The gap between rich and poor is on the rise, according to a new report by the CEPA think tank. A big caveat though is that the numbers from the report are from the official INDEC statistics agency, meaning that they are suspect since the previous administration was known to fudge figures for political gain.
According to the report, which measures the difference in income between the top 10 and the bottom 10 percent of earners in Argentina, 2016 has seen a marked increase in inequality, reversing a 12-year trend of movement toward greater income equality.
In numbers: in 2015, someone in the top 10 percent of earners in Argentina earned 18.7 more than someone in the bottom 10 percent, this year that figure has soared to 23.2 times.
The report expresses inequality in terms of the Gini Coefficient, the most used measure of inequality, whereby 0 represents perfect equality and 1 represents complete inequality, inequality grew from 0.3856 in 2015 to 0.4168 this year.
The report puts the blame squarely on the government’s economic policies. Layoffs, the devaluation of the peso and the removal of export and import controls have meant a decrease of up to 11 percent in the average wage. This loss is made acutely painful by “the acceleration of inflation during the last 10 months, [which] has impacted strongly in the purchasing power of salaries and pensions and in the category of informal workers.”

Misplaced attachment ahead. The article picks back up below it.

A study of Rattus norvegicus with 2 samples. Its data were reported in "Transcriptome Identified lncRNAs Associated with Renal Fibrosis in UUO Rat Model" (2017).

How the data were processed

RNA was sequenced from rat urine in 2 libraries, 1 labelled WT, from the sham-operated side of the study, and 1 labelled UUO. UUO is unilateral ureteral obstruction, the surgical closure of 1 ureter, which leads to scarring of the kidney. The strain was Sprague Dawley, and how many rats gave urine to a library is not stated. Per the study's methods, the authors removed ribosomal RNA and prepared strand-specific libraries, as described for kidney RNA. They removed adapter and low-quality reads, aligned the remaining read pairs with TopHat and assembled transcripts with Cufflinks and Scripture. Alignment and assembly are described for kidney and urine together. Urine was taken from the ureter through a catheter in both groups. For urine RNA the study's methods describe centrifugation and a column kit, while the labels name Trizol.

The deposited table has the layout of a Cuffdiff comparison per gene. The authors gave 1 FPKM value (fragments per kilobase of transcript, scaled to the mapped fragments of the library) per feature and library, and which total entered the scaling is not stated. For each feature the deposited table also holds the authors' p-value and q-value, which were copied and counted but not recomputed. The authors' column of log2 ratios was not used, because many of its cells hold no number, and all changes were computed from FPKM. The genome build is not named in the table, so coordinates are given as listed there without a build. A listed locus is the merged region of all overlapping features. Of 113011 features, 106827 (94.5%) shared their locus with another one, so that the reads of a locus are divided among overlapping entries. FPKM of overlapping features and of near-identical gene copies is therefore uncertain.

A similar report by IDESA, based on data from INDEC, confirmed that inequality is an urgent problem in Argentina, though it did not make a comparison with the previous mandate. Fifty percent of workers earn less than minimum wage, according to that analysis.
This brusque increase in inequality is in comparison to the prior twelve years, which saw the gap between rich and poor decrease on the whole. Between the years 2003 and 2015, the inequality gap decreased from the richest receiving an income 33 times greater than the poorest Argentines to 18.7 in 2015.